On New Year’s Day, I’ll be packing up my car and moving out of Savannah after nearly 15 years. For the past three of those, I’ve been truly fortunate to get to share my experiences in Savannah’s bar scene.
The Civil War is hardly an unfamiliar topic, especially in a place like Savannah, where the city’s very survival is one of the most famous parts of the war’s lore. But for Ralph Peters, the Civil War is still full of untapped potential for new stories.
In 2012, Virgil Kaine started crafting its ginger-infused bourbon in Charleston, S.C. A sweet, hearty whiskey, it quickly found a place in cocktail recipes, and several Savannah establishments now stock it behind the bar.
Theater fans should be excited by the latest project from local actors Marshall Frey and Vanessa Stipkovits. They’re finding time in their busy performing schedules to put on an evening of one-act comedies at Muse Arts Warehouse.
From the first note you hear Lucette sing, you know you’re in for a history lesson. She channels the heyday of country music with every phrase, every word, every syllable. It’s real country music — no artificial twang and not one mention of a pickup truck.
It’s not hard to see Damon and the Sh!tkickers live in Savannah. They offer up their local brand of outlaw country regularly at The Jinx, and seem to end up somewhere on the weekly soundboard more often than not.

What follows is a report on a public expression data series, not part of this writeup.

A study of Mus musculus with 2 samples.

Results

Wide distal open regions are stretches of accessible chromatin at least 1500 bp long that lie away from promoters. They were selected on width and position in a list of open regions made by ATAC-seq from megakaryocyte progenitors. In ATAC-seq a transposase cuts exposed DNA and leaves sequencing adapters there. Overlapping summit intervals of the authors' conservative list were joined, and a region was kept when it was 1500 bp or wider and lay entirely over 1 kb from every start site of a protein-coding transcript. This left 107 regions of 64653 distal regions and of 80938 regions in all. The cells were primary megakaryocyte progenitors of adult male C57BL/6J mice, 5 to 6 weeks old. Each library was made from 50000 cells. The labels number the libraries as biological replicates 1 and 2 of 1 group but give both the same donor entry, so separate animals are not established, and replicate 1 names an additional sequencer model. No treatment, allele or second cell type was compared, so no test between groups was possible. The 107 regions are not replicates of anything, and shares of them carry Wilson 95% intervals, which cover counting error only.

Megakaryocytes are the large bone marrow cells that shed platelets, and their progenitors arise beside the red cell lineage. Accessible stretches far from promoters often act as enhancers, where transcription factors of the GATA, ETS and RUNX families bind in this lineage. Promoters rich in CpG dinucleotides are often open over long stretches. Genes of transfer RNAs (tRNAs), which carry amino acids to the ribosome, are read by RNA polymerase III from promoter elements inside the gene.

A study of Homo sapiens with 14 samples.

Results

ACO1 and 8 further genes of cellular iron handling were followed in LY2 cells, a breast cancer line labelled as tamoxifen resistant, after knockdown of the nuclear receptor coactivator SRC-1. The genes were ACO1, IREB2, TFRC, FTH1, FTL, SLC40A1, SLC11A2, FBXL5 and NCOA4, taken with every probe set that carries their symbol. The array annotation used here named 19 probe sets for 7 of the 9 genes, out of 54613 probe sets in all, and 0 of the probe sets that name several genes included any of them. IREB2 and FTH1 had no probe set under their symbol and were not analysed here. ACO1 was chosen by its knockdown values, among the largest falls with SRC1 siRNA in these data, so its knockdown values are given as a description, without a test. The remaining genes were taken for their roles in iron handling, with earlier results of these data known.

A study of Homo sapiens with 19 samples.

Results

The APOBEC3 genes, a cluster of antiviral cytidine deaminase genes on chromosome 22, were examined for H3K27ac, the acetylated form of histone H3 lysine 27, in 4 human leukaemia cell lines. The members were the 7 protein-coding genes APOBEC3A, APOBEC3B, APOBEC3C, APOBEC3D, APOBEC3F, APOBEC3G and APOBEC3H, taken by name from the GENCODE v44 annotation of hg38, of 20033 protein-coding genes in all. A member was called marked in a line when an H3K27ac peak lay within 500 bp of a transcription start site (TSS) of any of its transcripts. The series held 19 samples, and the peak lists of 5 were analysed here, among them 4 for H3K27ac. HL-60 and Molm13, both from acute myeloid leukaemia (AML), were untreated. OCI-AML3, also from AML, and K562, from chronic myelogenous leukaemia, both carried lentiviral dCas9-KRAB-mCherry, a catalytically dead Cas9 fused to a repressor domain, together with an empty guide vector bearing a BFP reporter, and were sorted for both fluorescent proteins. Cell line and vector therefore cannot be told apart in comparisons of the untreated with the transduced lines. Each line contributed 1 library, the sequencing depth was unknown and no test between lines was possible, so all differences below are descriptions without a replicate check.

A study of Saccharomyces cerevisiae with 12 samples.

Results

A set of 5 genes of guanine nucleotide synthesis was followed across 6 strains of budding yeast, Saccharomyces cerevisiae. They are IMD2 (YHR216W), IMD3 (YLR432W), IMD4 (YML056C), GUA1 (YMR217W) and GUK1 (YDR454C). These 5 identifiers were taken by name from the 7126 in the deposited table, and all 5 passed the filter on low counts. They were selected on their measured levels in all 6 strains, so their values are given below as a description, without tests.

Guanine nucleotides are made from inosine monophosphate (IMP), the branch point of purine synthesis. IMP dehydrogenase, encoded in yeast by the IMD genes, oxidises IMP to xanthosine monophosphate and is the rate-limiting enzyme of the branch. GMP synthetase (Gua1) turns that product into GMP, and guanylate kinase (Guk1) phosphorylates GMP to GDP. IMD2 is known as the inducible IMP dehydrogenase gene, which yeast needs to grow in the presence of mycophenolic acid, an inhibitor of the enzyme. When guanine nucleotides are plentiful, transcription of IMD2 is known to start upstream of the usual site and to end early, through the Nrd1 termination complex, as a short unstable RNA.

Literary journalist Michael Dirda is almost as well-traveled as he is well-read, but his Savannah Book Fest appearance marks his first visit to our city. Like many visitors, though, his first impression came long ago from “The Book.”
The late comedian Mitch Hedberg once observed that a severed foot is the ultimate stocking stuffer. A liquor bottle works pretty well, too — perfect for the grown-ups on Santa’s “nice” list, and probably a few naughty ones.
Marc Abraham made his directorial debut with 2008’s “Flash of Genius.” The biopic explored the life of an unlikely subject, Robert Kearns, whose only claim to fame was inventing the intermittent windshield wiper.
David Lang might not be a household name, but he’s about as successful as composers come. Highlighted by a 2008 Pulitzer Prize in music, Lang’s career has seen his works performed more than almost any of his contemporaries.
Chances to see live opera are scarce, at least outside such metropolitan cities as New York City. But Chinese opera? One would usually have to go to a whole other continent to experience opera’s Eastern equivalent.